An iconic Auckland ocean swim is moving locations for the first time in 14 years due to water quality issues at beaches on the city's North Shore.
Organisers of the "King of the Bays" event have moved the swimming races from Milford beach to Devonport.
The shift follows frequent "red readings" on Auckland Council's Safeswim website relating to Milford and Takapuna beaches.
The original location of the event had featured a 2.8km swim from Milford to Takapuna beach and also included multiple shorter swims out from the Takapuna shoreline.
King of the Bays event director Scott Rice said he refused to compromise swimmer safety.
"It's really disappointing to have to move after 14 years, but it's something we felt we had to do," he said.
"Our decision is aligned with the fact that we are passionate about creating a safe, fun, sustainable environment for our participants."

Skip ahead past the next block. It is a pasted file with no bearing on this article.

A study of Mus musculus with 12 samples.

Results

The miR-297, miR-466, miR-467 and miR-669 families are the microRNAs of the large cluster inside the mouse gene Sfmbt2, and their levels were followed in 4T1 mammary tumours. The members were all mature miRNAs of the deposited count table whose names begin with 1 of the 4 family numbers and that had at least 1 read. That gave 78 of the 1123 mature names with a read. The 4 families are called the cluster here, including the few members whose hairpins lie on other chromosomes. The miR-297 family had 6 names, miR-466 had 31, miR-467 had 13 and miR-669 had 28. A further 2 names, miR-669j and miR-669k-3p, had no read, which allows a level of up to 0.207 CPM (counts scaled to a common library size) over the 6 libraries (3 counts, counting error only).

The water quality safety readings typically follow periods of heavy rain, which often causes wastewater to overflow.
Safeswim provides water-quality forecasts and up-to-date information on health and safety risks at 84 beaches and eight freshwater spots in Auckland.
It has three levels: green - meaning low risk and safe to swim, orange - low to moderate risk but still safe, and red - high risk and unsafe for swimming.
Warnings have been issued at dozens of Auckland beaches over start of this year following a handful of extreme weather events.
Last week changes to Safeswim indicators at Takapuna beach caused at least one of the weekly swimming races held at the beach to be cancelled.
Takapuna resident Ian Gunthorp said on Tuesday during swimming races at Takapuna beach that Safeswim indicators showed orange for the afternoon and red for the evening.
"At 5.50pm juniors were allowed to swim but at 6.30pm a larger body of swimmers and paddlers were not allowed to race.
"Neither in the intervening period nor immediately prior was there any rainfall or toxic spill and no perceptible change in tide or wind and yet a computer dictated that the surf club support, and therefore the races, had to be cancelled."
Rice said Devonport and Cheltenham had shown 100 per cent "green reading" results over the past three months, making the revised location safer for participants.
The event was the last of a series of seven events around the country, held each summer.